Masks are required in most public settings in Washington, with some exceptions.

SPOKANE, Wash — Wearing a mask is one of the easiest and most effective ways to prevent the spread of COVID-19, and in Washington it's legally required in most public places.

That is unless you are a child younger than 5 years old, or have a condition that prevents you from wearing a mask.

So what kinds of medical reasons are permissible? The statewide order itself doesn't go into much detail, leaving plenty of wiggle-room.

The order exempts people "with a medical condition, mental health condition, or disability that prevents wearing a face covering."

Those conditions basically fall into two categories: if the mask could obstruct breathing, or if you can't remove it without assistance. However, it is not limited to those scenarios.

Stories of mask struggles

KREM viewers responded on Facebook and via email to share their experiences with mask-wearing and medical conditions.

Jon Thaemert has severe asthma. He said, "I can feel the difference in breathing when I have a mask on. Harder to breathe and I start feeling light-headed."

Amanda Mason said, "I have bad asthma and every time I wear a mask it's so hard to breathe, it feels like I'm suffocating. So I don't wear a mask unless I absolutely have to."

Sara Huenergardt said she has a serious nerve condition that causes extreme pain on one side of her face following even the slightest stimuli.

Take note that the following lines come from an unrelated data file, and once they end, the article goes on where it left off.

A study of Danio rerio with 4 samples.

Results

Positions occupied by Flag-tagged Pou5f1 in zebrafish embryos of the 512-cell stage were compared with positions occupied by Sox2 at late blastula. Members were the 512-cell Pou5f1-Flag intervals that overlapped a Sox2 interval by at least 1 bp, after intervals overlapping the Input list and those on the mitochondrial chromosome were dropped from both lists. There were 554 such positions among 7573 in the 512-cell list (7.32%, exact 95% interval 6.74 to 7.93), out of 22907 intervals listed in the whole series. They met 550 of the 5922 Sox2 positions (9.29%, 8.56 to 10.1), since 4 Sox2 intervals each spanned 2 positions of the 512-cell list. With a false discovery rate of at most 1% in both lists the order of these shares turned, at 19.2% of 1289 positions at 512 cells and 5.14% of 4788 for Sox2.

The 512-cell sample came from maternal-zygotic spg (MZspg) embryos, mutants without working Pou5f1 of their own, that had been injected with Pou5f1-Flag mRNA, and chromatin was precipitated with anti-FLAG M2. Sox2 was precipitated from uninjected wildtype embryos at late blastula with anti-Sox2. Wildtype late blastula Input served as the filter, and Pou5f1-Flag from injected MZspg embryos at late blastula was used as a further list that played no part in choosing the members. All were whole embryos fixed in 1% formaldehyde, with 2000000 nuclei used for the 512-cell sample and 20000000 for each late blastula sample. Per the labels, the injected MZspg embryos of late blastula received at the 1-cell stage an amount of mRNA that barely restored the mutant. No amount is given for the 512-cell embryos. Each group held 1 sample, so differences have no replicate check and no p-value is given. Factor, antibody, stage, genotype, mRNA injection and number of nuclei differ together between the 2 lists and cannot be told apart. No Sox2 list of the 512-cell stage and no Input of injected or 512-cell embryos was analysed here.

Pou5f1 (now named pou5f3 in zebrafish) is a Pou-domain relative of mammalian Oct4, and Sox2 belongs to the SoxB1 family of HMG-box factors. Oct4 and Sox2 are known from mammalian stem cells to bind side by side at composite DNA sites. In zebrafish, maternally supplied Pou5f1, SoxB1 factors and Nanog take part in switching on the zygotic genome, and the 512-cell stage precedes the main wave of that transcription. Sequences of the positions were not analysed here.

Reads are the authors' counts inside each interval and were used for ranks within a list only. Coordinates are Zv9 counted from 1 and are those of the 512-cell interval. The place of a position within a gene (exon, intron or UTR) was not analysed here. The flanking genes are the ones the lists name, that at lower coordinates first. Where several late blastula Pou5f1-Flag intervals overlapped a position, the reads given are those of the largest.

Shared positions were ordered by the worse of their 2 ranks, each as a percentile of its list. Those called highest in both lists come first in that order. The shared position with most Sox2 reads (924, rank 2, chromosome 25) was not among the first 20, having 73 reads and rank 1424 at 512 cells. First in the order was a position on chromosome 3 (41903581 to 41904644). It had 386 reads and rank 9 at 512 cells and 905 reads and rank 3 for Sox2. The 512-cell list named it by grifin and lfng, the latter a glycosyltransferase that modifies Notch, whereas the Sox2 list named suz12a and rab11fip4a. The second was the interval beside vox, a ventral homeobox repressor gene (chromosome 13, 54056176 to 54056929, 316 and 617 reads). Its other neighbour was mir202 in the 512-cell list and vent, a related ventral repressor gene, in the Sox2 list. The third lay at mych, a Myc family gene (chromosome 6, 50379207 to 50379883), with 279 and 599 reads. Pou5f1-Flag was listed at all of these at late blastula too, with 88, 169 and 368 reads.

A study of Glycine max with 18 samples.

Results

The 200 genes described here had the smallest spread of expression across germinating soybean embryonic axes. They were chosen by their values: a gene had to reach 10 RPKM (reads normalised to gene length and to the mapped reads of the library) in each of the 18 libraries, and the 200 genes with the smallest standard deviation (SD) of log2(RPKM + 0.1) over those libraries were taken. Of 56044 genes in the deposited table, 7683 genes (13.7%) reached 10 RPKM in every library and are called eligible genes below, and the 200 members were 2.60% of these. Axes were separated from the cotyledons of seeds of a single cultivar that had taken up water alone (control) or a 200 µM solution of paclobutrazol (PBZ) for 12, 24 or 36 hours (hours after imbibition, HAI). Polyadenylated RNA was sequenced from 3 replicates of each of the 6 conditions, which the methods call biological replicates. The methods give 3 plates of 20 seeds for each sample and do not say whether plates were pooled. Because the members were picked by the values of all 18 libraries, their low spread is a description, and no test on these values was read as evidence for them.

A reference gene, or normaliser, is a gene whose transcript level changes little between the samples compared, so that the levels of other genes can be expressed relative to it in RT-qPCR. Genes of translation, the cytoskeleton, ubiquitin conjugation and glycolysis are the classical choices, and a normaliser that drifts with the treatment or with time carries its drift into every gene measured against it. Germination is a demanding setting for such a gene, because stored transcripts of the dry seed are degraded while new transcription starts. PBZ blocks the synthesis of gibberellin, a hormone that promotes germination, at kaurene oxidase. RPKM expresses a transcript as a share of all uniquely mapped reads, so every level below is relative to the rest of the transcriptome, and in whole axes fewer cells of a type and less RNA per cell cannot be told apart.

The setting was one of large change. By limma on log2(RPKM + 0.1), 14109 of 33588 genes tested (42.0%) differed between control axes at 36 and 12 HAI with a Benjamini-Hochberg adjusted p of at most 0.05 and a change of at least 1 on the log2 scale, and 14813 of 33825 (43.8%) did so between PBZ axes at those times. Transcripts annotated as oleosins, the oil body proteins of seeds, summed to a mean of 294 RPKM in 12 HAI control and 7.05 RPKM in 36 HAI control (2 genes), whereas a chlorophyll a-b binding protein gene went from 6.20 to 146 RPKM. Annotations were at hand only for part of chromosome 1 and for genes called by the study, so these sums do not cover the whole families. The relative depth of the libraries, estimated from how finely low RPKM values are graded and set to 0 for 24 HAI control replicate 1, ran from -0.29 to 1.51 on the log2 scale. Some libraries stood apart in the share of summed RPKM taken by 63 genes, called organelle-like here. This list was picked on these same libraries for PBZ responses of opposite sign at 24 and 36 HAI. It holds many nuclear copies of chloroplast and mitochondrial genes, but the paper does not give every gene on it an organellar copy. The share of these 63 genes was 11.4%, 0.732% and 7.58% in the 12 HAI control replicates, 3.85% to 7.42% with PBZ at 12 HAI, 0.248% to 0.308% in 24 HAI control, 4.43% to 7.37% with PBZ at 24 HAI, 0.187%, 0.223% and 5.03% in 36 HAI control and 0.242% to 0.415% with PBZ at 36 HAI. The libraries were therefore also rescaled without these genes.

"I can't have hair, wear glasses, makeup, or even a contact in my left eye. The pain is excruciating and there is no cure," she said.

Carolyn Gregory-Gray said "My son is special needs: autistic and cerebral palsy. It's harder for him to keep [a mask] on, but we sure try."

In fact, many of those who wrote in shared that even though it's more difficult for them than the average person to do so, they try to wear a mask whenever possible. 

Nikki Rowan pointed out that the same breathing condition that makes wearing a mask more challenging also makes wearing one more important.

"I still choose to wear a mask when I have to go out even if it's more of a struggle," she said. "I do this because I am more at risk. I do this to lessen my chance of being infected. Yes, it's more difficult to breathe, but I would rather struggle a little now to avoid getting infected and [then] not be able to struggle at all because I'm dead."

Many viewers said they've found alternative ways to comply with the mandate, such as face shields, softer masks, or just staying at home.

Consequences of not wearing a mask

Legally speaking, there are no consequences if you don't wear a mask for a medical reason. For one, the exception is of course clearly stated in the law. Secondly, police are only enforcing the order in the most flagrant situations anyway.

However, many viewers with medical issues told us they've suffered from the cultural effects, from being ostracized or called out publicly for not wearing a mask.

The Washington Department of Health actually weighed in on that concept last week, tweeting "if someone near you isn't wearing a face covering... no need to to say anything to them. Some people may have a medical reason for not wearing a face covering."

That would also suggest that you don't need any sort of doctor's note or other formal documentation to prove you need a medical exemption. Like most of the existing public health orders, this one is mostly dependent on people voluntarily doing the responsible thing whenever they're able.

One area where non-mask wearers could still run into problems is at businesses. Many are requiring masks to enter, and since they're private entities, that's legal, regardless of whether or not you are medically exempt. Though, they do need to allow for alternatives, such as allowing you to use a face shield instead, or offering contactless pickup.